ITER diagnostics poised to advance in the US
The US has made important progress recently in advancing contributions to ITER diagnostic systems.
A test stand for the low-field-side reflectometer at UCLA mimics an ITER-like waveguide route; the copper material is part of a 30 degree miter bend. ORNL designed and fabricated the waveguide. Photo: UCLA
More than 40 diagnostic instruments will be installed on ITER to provide detailed information about the plasmas, allowing the operators to optimize the machine's performance and meet ITER's goals. All ITER Members are supplying diagnostics to the project; the US is designing seven instruments plus four port plugs, which will provide shielded housing for the diagnostics. Contributions include x-ray, laser, microwave and optical systems.
As of late October, eleven Procurement Arrangements had been signed with the ITER Organization detailing the design, procurement and delivery responsibilities for the US. Four support contracts were placed in 2014 to advance designs, and one instrument is already in the final design phase. The US ITER diagnostics team is based at the Princeton Plasma Physics Laboratory and works closely with the US ITER project office managed by the Oak Ridge National Laboratory.
"Plasma diagnostics has historically been an area of US strength, and we are home to some of the inventors of diagnostic techniques appropriate for ITER," said David Johnson, team leader for US ITER diagnostics and principal research physicist at PPPL.
General Atomics and UCLA (University of California, Los Angeles) are leading the physics design for the low-field-side reflectometer, which will provide primary measurement of the electron density spatial profile in the outer edge of the plasma. This diagnostic also contributes to determining the plasma pressure gradient that influences plasma stability and energy transport. ORNL is developing the transmission line components needed for this instrument.
Palomar Scientific Instruments joins General Atomics and UCLA under contract to develop the physics design for the toroidal interferometer-polarimeter. This instrument, which determines the electron density by probing the plasma with a carbon dioxide laser, will be used as a sensor in a feedback system to control various fueling sources.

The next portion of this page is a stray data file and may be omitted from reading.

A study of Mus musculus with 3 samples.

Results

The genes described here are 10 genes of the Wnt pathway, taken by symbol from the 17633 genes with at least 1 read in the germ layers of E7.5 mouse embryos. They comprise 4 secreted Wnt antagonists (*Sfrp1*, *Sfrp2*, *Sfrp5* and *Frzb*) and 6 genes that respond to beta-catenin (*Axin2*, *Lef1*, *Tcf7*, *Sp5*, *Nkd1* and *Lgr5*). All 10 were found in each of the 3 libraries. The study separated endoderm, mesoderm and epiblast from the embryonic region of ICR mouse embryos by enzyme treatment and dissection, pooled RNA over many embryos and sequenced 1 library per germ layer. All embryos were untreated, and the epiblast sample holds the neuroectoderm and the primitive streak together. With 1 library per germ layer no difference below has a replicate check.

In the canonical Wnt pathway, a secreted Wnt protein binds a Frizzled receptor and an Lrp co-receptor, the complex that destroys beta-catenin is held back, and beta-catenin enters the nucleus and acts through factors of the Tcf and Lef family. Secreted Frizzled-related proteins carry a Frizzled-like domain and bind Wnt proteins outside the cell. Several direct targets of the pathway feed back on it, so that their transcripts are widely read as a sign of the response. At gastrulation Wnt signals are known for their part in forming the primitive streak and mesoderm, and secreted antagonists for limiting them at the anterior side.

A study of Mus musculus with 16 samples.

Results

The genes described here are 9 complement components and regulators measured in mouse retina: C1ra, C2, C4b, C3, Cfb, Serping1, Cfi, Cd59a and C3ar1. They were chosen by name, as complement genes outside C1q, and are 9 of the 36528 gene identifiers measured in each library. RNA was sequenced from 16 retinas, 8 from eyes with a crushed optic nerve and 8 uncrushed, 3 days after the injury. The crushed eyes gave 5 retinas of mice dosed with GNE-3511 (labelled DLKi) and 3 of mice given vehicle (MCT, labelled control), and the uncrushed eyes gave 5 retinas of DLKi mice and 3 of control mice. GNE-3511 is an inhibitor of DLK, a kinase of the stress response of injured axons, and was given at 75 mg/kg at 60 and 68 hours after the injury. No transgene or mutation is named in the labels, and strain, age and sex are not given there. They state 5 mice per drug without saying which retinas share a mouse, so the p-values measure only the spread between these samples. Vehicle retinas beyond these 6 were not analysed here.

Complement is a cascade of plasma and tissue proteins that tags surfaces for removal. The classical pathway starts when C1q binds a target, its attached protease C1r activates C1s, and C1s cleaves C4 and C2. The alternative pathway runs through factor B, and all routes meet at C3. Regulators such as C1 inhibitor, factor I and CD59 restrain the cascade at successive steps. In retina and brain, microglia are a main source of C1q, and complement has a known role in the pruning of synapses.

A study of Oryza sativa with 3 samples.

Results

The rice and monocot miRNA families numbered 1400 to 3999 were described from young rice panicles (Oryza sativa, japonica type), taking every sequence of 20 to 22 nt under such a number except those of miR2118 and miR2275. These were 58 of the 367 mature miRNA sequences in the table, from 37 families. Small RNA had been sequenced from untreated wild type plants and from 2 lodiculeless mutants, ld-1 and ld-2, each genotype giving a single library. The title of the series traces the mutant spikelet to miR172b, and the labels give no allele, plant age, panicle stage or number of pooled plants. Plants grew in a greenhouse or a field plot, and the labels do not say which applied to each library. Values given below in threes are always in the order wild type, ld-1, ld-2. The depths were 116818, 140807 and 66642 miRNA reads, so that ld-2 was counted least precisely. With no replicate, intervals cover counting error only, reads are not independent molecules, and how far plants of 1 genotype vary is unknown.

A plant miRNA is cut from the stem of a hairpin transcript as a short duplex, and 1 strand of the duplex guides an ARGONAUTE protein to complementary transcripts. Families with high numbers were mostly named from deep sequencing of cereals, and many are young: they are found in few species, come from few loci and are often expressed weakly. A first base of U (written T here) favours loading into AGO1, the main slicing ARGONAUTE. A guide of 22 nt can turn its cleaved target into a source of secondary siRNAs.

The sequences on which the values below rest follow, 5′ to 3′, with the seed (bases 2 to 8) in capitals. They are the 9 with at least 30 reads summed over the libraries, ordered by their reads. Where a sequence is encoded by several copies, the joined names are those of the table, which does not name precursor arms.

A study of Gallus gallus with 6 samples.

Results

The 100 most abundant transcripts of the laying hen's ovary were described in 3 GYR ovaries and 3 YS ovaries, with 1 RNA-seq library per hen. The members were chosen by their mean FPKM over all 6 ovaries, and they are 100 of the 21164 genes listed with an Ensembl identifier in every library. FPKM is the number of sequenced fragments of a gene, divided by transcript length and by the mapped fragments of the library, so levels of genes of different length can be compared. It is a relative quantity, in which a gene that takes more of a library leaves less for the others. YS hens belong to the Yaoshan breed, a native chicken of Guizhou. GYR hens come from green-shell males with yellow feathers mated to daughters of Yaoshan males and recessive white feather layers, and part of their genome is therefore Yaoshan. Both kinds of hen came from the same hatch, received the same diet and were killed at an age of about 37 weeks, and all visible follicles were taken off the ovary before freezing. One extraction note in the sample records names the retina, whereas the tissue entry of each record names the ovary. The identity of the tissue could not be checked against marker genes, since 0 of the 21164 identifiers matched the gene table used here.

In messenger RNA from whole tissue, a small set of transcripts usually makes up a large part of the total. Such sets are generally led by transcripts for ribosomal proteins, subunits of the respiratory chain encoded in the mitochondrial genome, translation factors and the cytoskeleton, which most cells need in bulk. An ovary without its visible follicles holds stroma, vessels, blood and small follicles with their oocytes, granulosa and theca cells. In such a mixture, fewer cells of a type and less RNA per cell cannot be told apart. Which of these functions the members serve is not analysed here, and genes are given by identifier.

The electron cyclotron emission radiometer measures the spatial profile of the electron temperature in the plasma, a fundamental parameter for plasma behavior. The instrument provides time resolution adequate to serve in a feedback loop to stabilize predicted modes in the plasma. Three universities—University of Texas at Austin, University of Maryland and the Massachusetts Institute of Technology—are jointly developing the physics design, a calibration source, microwave sensors and analysis software.
The diagnostic residual gas analyzer is now in final design at ORNL. Photo: US ITER/ORNL
Infrared and visible cameras for viewing inside the ITER Tokamak chamber are now being developed by General Atomics, Lawrence Livermore National Laboratory and TNO, a Dutch laboratory for applied scientific research. This diagnostic will be used to look for parts of the ITER divertor region that are overheating.
Oak Ridge National Laboratory is developing the residual gas analyzer. Now in final design, the instrument will measure the concentrations of neutral gases during a plasma discharge in the divertor exhaust duct and in the main chamber of the ITER Tokamak.
The recently signed Procurement Arrangements cover two additional instruments. Experts at PPPL will develop the core imaging x-ray spectrometer, which will measure the plasma ion temperature and rotation. US ITER is targeting late 2015 for award of a contract for the motional Stark effect diagnostic instrument, which will measure the spatial profile of the current flowing in the plasma.
In addition to diagnostic instruments, US ITER will also provide design, fabrication, assembly and testing of four diagnostic port plugs. The instruments view the plasma through labyrinths in these plugs, which also serve as radiation shields for the device. The PPPL team is leading the port plug design and integration effort. Because of the harsh environment inside the vacuum vessel, the instrument systems must cope with a range of conditions not previously encountered by diagnostic technology, all while performing with high reliability. The US ITER team is also supporting the integration of multiple diagnostics into these plugs, including some from other ITER partners.
Read the original article on the US ITER website.